ByAsia Kane

Nov 3, 2023

A sei whale has died after washing up on the South Queensferry coastline on 21 October, despite the efforts  of rescuers to save it.  

Operatives from the British Diving Marine Life Rescue (BDLMR) team and the Scottish Marine Animal  Stranding Scheme (SMASS) were alerted. Two hours were spent trying to save the 25 ft whale but it was pronounced dead at around 1:30pm. A video shows the whale in apparent distress, with injuries on its stomach and jaws.  

A BDLMR spokesperson said: “We mobilised teams from both sides of the Forth, including two sets of  rescue equipment in the hope that the whale would be able to be returned to the water.” Rescuers threw buckets of water over the whale and attempted to help it back into the Firth of Forth.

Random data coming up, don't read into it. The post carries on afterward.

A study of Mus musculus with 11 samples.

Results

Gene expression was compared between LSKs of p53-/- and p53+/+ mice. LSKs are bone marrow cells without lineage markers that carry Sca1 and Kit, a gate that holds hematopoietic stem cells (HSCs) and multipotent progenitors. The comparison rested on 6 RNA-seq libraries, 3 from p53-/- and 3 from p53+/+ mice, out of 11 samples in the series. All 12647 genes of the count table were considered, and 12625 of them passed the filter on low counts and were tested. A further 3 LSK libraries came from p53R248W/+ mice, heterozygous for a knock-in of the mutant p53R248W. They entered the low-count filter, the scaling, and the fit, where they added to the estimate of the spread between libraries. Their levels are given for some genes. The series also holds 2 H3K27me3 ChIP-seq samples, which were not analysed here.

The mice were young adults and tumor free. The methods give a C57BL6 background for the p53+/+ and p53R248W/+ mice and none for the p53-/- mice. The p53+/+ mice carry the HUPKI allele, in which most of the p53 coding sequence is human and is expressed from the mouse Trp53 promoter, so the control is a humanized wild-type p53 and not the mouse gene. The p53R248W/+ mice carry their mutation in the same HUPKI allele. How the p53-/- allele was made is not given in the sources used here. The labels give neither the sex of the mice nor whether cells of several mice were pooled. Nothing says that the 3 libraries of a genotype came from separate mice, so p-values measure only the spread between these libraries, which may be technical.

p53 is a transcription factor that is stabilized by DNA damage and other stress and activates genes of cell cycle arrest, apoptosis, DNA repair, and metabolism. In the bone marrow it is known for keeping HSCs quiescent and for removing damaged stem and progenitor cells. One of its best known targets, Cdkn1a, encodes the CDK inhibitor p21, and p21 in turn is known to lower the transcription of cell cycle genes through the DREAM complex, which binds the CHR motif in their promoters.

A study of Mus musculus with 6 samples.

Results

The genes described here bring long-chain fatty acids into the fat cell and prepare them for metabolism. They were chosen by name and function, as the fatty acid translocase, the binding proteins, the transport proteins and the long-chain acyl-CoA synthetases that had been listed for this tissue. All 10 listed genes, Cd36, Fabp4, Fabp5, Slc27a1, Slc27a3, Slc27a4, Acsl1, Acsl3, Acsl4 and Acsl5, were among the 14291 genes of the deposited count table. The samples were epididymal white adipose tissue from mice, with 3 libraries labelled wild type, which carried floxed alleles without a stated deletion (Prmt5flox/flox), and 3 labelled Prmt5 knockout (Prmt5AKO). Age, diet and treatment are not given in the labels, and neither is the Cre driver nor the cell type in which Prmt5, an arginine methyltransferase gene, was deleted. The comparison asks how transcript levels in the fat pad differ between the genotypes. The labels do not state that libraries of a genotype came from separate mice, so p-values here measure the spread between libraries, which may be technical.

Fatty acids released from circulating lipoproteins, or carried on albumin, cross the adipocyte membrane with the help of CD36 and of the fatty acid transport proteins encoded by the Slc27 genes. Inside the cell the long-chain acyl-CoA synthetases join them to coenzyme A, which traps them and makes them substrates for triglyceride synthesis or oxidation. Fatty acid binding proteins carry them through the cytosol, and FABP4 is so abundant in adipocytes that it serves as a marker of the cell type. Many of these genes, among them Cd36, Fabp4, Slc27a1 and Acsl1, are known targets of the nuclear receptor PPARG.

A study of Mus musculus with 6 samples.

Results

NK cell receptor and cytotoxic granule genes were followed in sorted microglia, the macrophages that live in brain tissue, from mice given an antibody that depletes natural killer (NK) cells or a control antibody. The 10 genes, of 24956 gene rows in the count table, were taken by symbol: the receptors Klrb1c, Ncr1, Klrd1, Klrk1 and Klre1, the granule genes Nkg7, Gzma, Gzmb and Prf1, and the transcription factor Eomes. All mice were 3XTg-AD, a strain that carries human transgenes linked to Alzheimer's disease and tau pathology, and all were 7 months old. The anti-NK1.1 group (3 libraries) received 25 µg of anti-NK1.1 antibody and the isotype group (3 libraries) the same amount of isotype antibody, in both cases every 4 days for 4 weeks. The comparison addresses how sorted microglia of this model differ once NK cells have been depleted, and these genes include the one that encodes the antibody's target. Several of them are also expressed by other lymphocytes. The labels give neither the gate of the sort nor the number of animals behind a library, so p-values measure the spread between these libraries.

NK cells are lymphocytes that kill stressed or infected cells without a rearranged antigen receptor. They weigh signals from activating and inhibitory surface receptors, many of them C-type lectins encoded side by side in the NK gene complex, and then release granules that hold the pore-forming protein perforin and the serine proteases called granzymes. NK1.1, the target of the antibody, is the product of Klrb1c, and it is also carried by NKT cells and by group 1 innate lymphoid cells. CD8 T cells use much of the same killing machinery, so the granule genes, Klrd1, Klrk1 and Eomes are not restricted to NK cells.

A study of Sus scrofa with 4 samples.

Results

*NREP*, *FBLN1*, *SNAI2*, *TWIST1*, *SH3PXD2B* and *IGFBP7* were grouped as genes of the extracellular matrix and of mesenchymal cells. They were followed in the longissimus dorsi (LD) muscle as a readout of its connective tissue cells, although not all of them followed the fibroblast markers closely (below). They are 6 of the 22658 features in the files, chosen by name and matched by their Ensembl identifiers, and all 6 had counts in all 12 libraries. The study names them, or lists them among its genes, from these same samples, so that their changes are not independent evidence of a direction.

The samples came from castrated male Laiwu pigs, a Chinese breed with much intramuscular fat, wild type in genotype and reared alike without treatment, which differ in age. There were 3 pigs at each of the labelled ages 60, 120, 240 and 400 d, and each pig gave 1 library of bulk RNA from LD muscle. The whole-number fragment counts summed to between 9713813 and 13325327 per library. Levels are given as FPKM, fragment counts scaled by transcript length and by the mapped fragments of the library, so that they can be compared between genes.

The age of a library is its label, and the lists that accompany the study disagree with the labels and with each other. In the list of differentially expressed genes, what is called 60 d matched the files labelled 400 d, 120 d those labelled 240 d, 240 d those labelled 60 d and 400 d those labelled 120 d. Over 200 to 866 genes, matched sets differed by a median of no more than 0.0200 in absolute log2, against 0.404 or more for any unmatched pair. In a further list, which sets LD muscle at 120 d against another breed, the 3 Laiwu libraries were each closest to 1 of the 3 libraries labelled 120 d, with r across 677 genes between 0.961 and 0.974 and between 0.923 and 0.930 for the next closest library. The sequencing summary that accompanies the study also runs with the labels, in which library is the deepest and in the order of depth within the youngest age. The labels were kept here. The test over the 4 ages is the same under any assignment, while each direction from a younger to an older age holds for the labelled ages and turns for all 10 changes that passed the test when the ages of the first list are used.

An SMASS spokesperson said: “We will be carrying out a necropsy to investigate why it may have been  stranded.”  

Sei whales are the third largest of the rorqual whales, after the blue and fin whale.  They prefer deep offshore waters, but are occasionally spotted closer to shore. Although they have been heavily targeted for whaling, they are among the least understood of the whale  species.  


Human-caused factors can also contribute to stranding. These include pollution, entanglement in fishing lines, and ship strikes, which can injure whales to the point  of becoming beached. Noise pollution also interferes with the sonar that whales use to navigate, and can disorientate them to the  point of driving them ashore.  

This is not the first stranding of a sei whale in Fife. Two were stranded earlier this summer.

Forth Rail Bridge et l’île fortifiée d’Inchgarvie, South Queensferry, West Lothian, Ecosse, Grande-Bretagne, Royaume-Uni.” by byb64 is licensed under CC BY-NC-SA 2.0.